The New South Wales (NSW) government has announced additional funding into the state’s education system as students begin returning to classrooms.
The COVID-19 Intensive Learning Support Program will be extended to help any students who need help catching up, and funding will be invested into the indoor air quality in schools.
Premier Dominic Perrottet said following the positive reception and uptake of the learning program; the government would commit an additional $383 million to continue supporting students into next year.
“We know our students are resilient, but there’s no doubt that 2021 has been a tough year, with many students learning from home for twice as long as last year,” Perrottet said.
“Early insights from the ongoing evaluation of the program show that students are bouncing back thanks to the intensive tutoring delivered through the program, and we are committed to helping them do so again next year.”
Treasurer Matt Kean said the program had exceeded its employment goal by providing more than 7,500 employment opportunities to educators around the state. He said the extension of the program would only further build on this success.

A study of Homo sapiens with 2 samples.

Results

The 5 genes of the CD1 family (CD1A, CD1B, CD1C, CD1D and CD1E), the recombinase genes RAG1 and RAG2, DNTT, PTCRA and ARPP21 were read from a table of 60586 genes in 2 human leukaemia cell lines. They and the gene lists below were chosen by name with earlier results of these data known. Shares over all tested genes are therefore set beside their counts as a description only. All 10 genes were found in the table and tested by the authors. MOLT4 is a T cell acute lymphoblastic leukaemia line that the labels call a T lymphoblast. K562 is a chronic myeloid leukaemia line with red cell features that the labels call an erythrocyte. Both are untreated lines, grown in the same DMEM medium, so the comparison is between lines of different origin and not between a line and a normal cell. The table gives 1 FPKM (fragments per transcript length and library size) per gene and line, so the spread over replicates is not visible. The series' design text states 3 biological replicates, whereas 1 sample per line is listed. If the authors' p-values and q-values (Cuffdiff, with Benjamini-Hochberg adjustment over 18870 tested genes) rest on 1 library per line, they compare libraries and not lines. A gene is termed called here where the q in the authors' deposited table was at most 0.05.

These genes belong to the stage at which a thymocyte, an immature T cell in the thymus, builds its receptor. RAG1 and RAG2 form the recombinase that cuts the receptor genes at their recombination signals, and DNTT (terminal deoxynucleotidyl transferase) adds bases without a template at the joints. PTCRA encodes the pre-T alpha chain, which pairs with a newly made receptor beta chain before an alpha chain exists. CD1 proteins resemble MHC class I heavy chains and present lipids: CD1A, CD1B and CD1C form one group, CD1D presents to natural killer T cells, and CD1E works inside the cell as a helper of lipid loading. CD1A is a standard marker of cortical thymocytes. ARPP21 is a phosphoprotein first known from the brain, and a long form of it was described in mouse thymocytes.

Education Minister Sarah Mitchell said the program that was introduced in Term 1 of this year has been highly effective at helping students get back on track.
“Principals and teachers I have spoken with over the last few months have been unanimous in their support for the program in meeting their individual school and student needs,” Mitchell said.
“Our additional investment for 2022 will continue the focus on literacy and numeracy and enable us to strengthen the provision of online tuition, ensuring greater accessibility to meet student need.”
The state government will also invest $100 million into assuring the indoor air quality in classrooms. Perrottet said it was part of the government’s commitment to keeping the community safe as the community adapts to living with COVID-19.
“The funding will enable us to support ongoing improvements to air quality in public schools, making schools some of the best ventilated spaces in the community,” he said.
Works will include installing automatic fresh air ventilation systems, replacing windows, ceiling, and exhaust fans, and providing air purifiers where necessary.
Mitchell said it should give parents confidence when sending their children back to school.
“What this program does is leverage the insights from our comprehensive audit and expert advice to future-proof our learning spaces not just for COVID-19, but for bushfires and other air quality issues,” she said.